Teaching money management skills is not a requirement in any school or college. Even though some institutions have begun to make efforts to include a lesson or class on the matter, the reality is that the responsibility rests on parents to educate their children on financial matters and shape their financial futures. This can be a daunting task, but financial discipline is one of the most valuable lessons parents can instill on their children. Educating your children on financial prudence early in life will help prepare them to take thoughtful ownership of their finances when the time comes.
Here are five ways to teach your children, no matter what age they are, financial responsibility and the value of such expertise.
1. Get your children involved
Many of our daily activities pertain to money or are related to finances in some way, and these occurrences can be turned into teaching opportunities. Do you have to run to the bank to deposit a check? Bring your child with you and tell them what you are doing and why it is important for you to do so. Even if you do most of your banking online these days, take a few minutes to tell your children what you are doing, so they can see what it means to be financially responsible. Even something as simple as bringing your child along to the grocery store can be a great teaching opportunity when it comes to comparing prices and value. Have your children help you pick out the items with the best prices and explain to them why one deal may be better than another.
2. Teach them to budget
Offering your kids an allowance can be a great way to teach them how to manage money and have hands-on practice doing so. Giving your kids an allowance helps your children think through a monthly budget and helps them plan how to make the money last for the month. Remind them that they do not need to spend all of their money each month. They can save some and watch the amount grow monthly when the allowance hits. If their allowance runs out before the month is over, remind them they need to be wiser about their money next month to ensure that doesn’t happen again.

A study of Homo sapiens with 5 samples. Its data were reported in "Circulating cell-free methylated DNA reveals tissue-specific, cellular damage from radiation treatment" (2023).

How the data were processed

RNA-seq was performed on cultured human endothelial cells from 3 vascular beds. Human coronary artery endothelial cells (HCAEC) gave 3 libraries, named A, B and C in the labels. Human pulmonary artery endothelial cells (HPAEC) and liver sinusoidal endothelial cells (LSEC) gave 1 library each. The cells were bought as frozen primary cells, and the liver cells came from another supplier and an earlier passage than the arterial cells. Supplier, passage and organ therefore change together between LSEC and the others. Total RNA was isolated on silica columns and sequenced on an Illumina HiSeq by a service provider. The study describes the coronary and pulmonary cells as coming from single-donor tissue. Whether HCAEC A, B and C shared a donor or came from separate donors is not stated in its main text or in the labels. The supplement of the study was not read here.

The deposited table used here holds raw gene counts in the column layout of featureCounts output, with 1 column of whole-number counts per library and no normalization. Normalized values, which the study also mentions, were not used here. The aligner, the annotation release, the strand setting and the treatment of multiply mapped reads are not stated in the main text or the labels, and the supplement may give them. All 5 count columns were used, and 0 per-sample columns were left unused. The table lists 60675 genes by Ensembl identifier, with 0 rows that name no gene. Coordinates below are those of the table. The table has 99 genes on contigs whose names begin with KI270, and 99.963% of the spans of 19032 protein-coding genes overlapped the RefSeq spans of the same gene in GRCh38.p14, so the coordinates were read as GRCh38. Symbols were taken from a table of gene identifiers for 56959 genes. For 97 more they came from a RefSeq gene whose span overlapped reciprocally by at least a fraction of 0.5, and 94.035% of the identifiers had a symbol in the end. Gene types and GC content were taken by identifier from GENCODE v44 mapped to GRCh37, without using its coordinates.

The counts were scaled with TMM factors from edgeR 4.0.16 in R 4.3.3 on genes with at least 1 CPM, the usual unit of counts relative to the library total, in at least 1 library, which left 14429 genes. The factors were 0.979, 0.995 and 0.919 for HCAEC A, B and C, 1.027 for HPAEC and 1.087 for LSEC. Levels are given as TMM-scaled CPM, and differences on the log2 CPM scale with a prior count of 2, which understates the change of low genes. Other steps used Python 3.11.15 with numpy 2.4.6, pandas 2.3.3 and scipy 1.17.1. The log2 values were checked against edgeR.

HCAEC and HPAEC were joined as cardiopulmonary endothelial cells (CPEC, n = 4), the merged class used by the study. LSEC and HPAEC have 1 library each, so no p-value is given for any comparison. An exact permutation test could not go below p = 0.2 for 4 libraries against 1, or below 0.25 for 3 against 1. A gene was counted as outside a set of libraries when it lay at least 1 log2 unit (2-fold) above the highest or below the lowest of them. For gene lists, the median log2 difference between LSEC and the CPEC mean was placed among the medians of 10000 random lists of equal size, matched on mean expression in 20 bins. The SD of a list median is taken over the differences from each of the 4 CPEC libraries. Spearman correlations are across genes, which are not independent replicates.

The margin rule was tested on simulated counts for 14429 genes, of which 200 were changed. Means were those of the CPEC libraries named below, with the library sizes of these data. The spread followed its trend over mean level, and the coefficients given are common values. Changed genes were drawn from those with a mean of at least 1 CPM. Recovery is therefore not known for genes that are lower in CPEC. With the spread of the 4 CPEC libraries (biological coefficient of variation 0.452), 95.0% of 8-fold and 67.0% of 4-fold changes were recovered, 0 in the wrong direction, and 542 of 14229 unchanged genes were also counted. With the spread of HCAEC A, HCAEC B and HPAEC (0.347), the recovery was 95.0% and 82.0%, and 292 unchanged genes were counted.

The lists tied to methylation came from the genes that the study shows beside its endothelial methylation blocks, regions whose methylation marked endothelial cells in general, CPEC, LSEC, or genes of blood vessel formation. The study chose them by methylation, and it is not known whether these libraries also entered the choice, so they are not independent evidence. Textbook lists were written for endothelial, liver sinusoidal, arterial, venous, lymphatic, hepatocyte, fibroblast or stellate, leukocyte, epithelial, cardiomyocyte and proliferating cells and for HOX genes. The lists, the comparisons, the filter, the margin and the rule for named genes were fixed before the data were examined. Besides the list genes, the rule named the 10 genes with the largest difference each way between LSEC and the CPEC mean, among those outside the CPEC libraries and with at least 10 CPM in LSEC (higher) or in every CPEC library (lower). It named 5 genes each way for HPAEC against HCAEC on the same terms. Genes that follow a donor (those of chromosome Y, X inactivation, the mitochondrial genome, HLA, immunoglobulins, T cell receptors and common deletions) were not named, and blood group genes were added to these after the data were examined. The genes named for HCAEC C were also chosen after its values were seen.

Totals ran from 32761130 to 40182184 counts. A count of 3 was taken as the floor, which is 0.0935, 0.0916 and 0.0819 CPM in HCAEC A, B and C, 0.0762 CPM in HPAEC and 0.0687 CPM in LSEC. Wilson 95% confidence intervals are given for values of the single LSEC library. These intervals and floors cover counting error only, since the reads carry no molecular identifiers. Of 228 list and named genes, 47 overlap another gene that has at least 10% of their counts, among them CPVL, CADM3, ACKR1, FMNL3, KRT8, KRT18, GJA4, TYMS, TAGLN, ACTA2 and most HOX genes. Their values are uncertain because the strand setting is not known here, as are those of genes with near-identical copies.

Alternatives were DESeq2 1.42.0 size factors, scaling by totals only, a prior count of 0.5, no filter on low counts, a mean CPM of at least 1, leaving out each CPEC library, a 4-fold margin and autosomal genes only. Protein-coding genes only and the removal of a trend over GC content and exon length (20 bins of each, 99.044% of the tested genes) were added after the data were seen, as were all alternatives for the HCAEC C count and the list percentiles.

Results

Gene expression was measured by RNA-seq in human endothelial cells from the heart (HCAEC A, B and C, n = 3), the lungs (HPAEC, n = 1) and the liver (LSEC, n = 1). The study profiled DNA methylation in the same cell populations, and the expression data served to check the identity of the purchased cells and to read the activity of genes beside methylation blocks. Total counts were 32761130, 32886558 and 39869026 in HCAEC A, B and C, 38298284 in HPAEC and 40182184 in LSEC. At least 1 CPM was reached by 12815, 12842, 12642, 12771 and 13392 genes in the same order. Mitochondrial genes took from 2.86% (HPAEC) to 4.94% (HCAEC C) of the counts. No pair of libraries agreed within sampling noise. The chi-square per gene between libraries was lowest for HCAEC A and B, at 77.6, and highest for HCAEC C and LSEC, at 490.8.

3. Let them earn a little extra
Although you probably expect your kids to do help with chores and clean their rooms, consider giving them the chance to earn a little money for mini-jobs around the house in addition to their usual routines. This will not only teach them the value of working to earn money, but will also be a good opportunity to teach about saving the money they have worked hard for and watch that value grow as they complete additional tasks.
4. Show them the value of saving
Kids may love to spend their money on a toy, for the younger ones, or clothes and shoes, for the older ones, but make sure to teach them the value of thinking through a purchase. If they save their money, they could work towards a bigger goal further down the road, like a basketball hoop or a car. Use piggy banks and money jars when they are younger, and once your kids get older, take them to the bank and help them set up their first savings accounts. Being wise about their money and saving it will help them develop a sense of ownership and pride for their funds, especially as their account values grow over time.
5. Encourage them to focus on their futures
Familiarizing your children with financial obstacles is also an invaluable lesson for them. The biggest example of this is college. Some families may find themselves in the privileged position of covering college costs for their children, but a majority of families cannot cover the cost of education out of pocket and need to find ways to fund their children’s educations through financial aid. Involve your children in the process, so they understand the various forms of financial aid like grants, scholarships, work-study programs, or student loans. Having them understand this financial responsibility early on will help them develop a plan to work towards certain scholarships or programs or around effectively paying off their student loans when the time comes.
Don’t shy away from money conversations with your children. Too often the topic of money is skirted around as a topic the kids shouldn’t hear and as a topic exclusive to adults; however, making these conversations open for the whole family can help your children familiarize themselves with valuable lessons and habits that they can carry through into their young adult years as they strive to pursue financial independence.